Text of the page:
By Caroline Brown and Olivia Pointon
Authorised Push Payment (“APP”) fraud is back in the spotlight following the Court of Appeal’s decision in Philipp v Barclays Bank UK Plc.
As part of a sophisticated social engineering scam, Mrs. Philipp was duped into making two large payments – of £300,000 and £400,000 respectively – into a fraudster’s bank accounts based in the UAE. This was an example of APP fraud – a scam by which fraudsters deceive victims into willingly transferring funds to the scammer (for example, by posing as bank representatives and exerting urgent pressure to move funds to a ‘safe’ account). Upon realising the fraud, Mrs. Philipp requested that the defendant bank attempt to recover the money, but recovery action was unsuccessful.
Mrs. Philipp issued proceedings against her bank, alleging breach of a duty to exercise reasonable care and skill in and about executing her instructions. She argued that this included having in place policies and procedures for the purpose of detecting and preventing potential APP fraud. Mrs. Philipp asserted that the nature and surrounding circumstances of her payment request should have put the bank on inquiry, such that it investigated further before carrying out her instructions.
This is characterised as the ‘Quincecare’ duty, which arises where a bank is on notice that a payment instruction may in fact be an attempt to misappropriate the account holder’s funds. In that scenario, the bank should refrain from executing the instruction pending inquiry.
Context and the first instance decision
The case centres around the question of whether the Quincecare duty applied, and was breached, by the bank.
To date, the duty has been found to protect corporate customers where payment instructions have been made to a bank by an agent, acting fraudulently, of the customer. It has not yet been applied to situations where individual customers (who have fallen victim to fraudsters) directly instruct their bank to make a payment.
The bank argued that the Quincecare duty therefore applied only to situations where the bank had been instructed by a customer’s agent. Unlike such cases, Mrs. Philipp herself had authorised the transfer, and so the duty did not extend to cover her situation. The Court agreed, and granted summary judgment in favour of the bank. Mrs. Philipp appealed.
The Court of Appeal has allowed the appeal, setting aside summary judgment against Mrs Philipp such that the case can proceed to trial, and noting in particular that:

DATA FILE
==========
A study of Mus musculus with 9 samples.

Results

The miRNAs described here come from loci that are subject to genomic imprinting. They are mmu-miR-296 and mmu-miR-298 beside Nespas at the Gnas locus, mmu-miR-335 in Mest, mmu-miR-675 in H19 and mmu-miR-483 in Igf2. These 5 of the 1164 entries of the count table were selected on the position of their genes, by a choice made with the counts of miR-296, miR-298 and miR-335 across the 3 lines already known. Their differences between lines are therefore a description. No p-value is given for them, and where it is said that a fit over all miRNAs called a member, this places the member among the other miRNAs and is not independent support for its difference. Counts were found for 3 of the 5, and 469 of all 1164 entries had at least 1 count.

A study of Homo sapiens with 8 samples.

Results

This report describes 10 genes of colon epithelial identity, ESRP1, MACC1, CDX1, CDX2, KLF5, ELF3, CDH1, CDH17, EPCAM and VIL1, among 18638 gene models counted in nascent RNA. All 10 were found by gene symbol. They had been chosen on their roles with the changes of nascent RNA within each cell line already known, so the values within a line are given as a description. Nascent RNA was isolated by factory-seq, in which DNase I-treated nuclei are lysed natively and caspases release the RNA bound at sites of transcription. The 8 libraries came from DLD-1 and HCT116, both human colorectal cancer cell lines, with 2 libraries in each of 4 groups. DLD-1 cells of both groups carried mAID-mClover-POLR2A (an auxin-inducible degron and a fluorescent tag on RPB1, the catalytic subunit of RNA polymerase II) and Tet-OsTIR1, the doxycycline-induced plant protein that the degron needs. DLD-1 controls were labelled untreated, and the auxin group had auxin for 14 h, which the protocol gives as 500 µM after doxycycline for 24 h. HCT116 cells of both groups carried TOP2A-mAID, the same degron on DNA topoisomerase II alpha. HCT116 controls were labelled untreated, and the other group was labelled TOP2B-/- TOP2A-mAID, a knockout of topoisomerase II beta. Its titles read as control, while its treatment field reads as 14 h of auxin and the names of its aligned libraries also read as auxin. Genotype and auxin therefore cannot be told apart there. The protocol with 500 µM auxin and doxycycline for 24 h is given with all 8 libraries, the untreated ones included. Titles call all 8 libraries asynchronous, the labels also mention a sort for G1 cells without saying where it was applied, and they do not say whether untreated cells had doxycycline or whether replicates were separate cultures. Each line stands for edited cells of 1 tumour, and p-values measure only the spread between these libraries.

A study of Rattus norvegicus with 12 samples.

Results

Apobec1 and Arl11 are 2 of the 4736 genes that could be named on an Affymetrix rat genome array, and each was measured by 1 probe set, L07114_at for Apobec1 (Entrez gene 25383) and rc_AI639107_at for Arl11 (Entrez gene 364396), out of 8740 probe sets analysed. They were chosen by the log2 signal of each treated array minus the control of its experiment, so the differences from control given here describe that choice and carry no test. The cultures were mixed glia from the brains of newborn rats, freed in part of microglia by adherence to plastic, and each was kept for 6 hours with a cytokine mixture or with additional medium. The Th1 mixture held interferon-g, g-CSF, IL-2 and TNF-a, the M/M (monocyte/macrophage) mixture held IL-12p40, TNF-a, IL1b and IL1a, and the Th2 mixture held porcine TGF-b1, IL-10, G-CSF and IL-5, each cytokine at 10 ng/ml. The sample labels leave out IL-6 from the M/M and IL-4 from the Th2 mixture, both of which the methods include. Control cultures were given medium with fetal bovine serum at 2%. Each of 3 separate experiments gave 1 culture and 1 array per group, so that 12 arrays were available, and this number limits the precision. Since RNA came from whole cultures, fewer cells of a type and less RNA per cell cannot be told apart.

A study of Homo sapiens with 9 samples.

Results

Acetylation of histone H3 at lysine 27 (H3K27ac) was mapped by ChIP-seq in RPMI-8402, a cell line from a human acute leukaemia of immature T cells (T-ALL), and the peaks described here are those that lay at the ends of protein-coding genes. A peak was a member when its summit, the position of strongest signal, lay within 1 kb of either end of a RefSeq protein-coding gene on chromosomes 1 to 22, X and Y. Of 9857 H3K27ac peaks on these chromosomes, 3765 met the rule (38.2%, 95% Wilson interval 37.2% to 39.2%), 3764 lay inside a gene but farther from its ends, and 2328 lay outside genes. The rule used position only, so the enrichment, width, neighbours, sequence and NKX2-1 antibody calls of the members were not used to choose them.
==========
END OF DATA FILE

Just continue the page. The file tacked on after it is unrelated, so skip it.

- Whilst previous cases applying the Quincecare duty did relate to an agent’s instructions to a bank, the reasoning behind those decisions did “not depend on whether the instruction is being given by an agent”. It is “reasonably arguable that the duty would arise in any case when a bank was on inquiry that the order was an attempt to misappropriate funds”.
- At first instance, the Court had accepted the bank’s argument that to impose a duty of care would involve “onerous and commercially unrealistic policing obligations over the bank's basic obligation to act upon its customer's instructions”. The Court of Appeal did not agree, relying in part on evidence submitted by the Consumers’ Association (Which?) in support of Mrs. Philipp’s case, which included various decisions of the Financial Services Ombudsman in APP fraud cases, industry codes of practice, and guidance provided to banks relating to APP fraud. The Court held that there was “ample evidence” that the duty of care asserted was arguably not unworkable or onerous.
- Notably, the Court of Appeal held that the first instance decision was asking the “wrong question” in taking Mrs. Philipp’s argument to be that a bank needed to put itself on inquiry for “every payment instruction of any sort in any circumstances”. Instead, the questions are “about what facts would put an ordinary prudent banker on inquiry in the first place, and what further inquiries and steps” might follow.
What does this mean for banks and their customers?
The Quincecare duty does not depend on whether the instruction in question has been given to a bank by an agent. The decision opens up banks’ and PSP’s potential liability to individual customers (as well as to corporate customers acting via agents) where questionable payment instructions are being given, as part of an increasing focus on the role banks and financial institutions are expected to play in combatting APP fraud. That said, any examination of APP fraud cases will involve a careful “calibration” of the Quincecare duty in the context of ordinary banking practice.
However, the industry has taken steps to try and combat APP fraud – not least, the introduction of the Contingent Reimbursement Model Code for Authorised Push Payment Scams in 2019, which is a voluntary code providing guidance for institutions to detect, prevent and respond to APP fraud. We have previously reported here on a consultation initiated by the Payment Systems Regulator in respect of further proposed measures to combat APP fraud, including working towards making reimbursement for victims mandatory. Given the changes to the regulatory landscape, would an extension of the Quincecare duty in fact be the wholesale change many thought it might be?